Guide Michelin 2012

MicroclimateAn almost Mediterranean climate for Logonna-Daoulas' peninsula in the heart of Brest's bay in Brittany.


Climates in Brittnay and Finistere

Palm trees, eucalyptus and mimosas in Logonna-Daoulas? Cactus in Roscoff? Strawberries in Plougastel-Daoulas? Why do we have plants from warmer countries in Brittany? Our region hosts a multitude of microclimates.

A microclimate is generally set in a small area where the climate is different from the regional one due to some geographical factors. Microclimates exist on a scale of a few square kilometres, a village or even a field. The existence of relief can significantly change the local climate by acting as a barrier that forces the air to rise thus creating clouds and rain. It is often the case where it is raining at the top a mountain and where a few meters away, in the wind direction, it dry and even sunny.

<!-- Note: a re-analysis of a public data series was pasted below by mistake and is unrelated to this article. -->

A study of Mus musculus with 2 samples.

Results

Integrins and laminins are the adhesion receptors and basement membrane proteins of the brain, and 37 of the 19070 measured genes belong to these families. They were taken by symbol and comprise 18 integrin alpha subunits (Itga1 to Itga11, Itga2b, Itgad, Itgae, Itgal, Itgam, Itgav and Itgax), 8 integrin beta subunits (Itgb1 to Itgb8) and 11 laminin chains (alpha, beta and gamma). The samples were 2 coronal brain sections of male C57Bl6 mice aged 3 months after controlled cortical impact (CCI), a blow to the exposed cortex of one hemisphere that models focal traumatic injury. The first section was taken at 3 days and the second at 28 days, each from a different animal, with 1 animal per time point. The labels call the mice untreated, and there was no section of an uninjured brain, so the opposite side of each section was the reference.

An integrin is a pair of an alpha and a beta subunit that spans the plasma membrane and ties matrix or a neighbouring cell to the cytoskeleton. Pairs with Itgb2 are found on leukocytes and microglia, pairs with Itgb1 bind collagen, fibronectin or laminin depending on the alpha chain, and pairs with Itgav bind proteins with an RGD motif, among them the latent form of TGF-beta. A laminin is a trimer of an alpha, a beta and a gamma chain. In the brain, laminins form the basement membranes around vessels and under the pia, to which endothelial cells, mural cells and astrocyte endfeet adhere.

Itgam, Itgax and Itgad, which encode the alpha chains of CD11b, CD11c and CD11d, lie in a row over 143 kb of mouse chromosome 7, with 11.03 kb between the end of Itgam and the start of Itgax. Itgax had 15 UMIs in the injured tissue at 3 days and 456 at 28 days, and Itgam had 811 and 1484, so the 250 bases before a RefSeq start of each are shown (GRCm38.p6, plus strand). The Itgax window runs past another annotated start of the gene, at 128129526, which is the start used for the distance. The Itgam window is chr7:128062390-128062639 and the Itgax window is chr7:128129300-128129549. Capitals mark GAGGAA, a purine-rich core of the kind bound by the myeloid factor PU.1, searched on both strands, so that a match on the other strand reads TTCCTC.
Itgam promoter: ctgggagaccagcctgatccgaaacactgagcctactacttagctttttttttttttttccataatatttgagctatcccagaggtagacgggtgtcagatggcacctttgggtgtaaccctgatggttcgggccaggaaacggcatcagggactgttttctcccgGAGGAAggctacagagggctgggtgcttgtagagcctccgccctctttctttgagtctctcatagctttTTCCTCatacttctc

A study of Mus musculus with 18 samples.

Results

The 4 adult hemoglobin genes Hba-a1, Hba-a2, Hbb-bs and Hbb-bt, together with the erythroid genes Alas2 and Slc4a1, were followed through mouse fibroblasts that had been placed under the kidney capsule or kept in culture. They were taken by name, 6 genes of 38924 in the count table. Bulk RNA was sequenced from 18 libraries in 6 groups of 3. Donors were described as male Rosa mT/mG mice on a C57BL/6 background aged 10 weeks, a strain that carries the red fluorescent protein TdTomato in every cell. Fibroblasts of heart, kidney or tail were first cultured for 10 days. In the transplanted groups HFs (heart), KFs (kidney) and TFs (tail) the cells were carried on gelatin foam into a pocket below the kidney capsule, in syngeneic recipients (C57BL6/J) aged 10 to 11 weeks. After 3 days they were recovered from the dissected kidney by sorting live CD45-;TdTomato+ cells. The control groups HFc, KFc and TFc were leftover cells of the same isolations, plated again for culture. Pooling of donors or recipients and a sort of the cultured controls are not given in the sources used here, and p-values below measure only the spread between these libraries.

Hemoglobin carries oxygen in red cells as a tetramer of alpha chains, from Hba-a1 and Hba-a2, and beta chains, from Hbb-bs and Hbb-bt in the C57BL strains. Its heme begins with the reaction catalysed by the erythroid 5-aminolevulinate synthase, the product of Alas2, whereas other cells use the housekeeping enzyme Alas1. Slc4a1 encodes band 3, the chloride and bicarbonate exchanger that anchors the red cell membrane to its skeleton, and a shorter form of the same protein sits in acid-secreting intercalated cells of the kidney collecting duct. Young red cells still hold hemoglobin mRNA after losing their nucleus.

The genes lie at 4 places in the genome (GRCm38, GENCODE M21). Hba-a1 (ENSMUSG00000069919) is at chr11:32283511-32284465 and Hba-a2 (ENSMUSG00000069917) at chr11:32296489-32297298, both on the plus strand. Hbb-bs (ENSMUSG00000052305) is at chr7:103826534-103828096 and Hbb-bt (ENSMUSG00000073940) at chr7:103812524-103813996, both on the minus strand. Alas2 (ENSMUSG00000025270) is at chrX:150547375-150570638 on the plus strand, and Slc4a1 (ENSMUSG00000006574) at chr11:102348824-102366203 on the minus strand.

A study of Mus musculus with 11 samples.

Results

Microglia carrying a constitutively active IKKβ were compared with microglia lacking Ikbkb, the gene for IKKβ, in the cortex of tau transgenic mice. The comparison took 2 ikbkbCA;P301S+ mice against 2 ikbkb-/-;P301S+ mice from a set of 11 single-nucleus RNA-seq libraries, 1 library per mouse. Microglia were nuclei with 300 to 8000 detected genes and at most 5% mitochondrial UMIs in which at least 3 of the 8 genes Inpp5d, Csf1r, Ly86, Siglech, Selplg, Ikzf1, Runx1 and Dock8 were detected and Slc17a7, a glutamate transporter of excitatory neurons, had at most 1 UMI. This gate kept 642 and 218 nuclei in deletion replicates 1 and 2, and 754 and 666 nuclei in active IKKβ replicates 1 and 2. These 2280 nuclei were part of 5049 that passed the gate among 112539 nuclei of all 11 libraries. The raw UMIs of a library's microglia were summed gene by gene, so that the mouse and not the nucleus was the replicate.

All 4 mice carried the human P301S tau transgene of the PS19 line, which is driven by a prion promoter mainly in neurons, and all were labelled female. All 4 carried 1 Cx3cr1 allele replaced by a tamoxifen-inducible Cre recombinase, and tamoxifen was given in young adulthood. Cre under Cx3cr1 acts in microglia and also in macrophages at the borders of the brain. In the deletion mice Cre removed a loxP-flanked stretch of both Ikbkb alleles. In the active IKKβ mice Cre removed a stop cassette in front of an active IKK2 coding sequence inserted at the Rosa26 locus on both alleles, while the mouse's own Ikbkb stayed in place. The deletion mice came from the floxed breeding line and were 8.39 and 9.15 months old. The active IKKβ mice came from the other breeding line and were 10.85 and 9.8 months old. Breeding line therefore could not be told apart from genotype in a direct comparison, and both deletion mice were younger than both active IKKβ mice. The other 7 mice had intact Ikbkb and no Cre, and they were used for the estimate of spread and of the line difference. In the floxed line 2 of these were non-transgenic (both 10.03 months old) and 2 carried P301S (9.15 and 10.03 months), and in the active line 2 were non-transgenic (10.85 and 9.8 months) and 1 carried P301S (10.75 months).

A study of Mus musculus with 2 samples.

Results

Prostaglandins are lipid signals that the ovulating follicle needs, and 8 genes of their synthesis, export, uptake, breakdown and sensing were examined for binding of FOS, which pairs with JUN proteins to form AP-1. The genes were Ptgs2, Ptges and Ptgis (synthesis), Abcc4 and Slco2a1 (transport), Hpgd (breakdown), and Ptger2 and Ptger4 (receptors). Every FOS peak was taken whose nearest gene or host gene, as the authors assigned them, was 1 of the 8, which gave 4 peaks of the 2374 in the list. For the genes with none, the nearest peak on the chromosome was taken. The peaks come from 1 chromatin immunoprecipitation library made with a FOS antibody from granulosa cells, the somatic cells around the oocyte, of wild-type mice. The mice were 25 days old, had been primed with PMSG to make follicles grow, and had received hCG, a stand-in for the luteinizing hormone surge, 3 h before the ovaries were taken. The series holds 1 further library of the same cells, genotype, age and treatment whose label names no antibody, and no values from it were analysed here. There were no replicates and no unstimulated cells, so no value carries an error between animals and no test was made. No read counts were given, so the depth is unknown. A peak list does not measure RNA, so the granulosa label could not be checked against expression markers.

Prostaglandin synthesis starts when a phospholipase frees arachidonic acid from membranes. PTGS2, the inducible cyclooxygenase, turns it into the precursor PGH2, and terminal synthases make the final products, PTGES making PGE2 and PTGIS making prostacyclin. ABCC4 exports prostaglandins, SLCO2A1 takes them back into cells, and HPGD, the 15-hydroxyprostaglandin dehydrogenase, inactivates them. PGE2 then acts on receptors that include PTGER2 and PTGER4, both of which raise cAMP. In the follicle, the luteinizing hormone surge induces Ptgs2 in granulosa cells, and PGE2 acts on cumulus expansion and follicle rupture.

Some areas are associated with specific microclimates. For instance, around peat bogs the climate is usually cold and humid. There are several peat bogs in Finistère (Monts d’Arrée and Black Mountains).

Due to its shape, Brittany is strongly influenced by the ocean. The climate changes often but the variations are rarely extreme. The ocean softens winter temperatures. Here it is sunnier and less raining on the coast.

Located in Brest’s bay, the village of Logonna-Daoulas is sheltered from the wind. It has a microclimate that allows palm trees and mimosas to grow throughout the year. Roscoff, a few kilometres away, even has an exotic garden.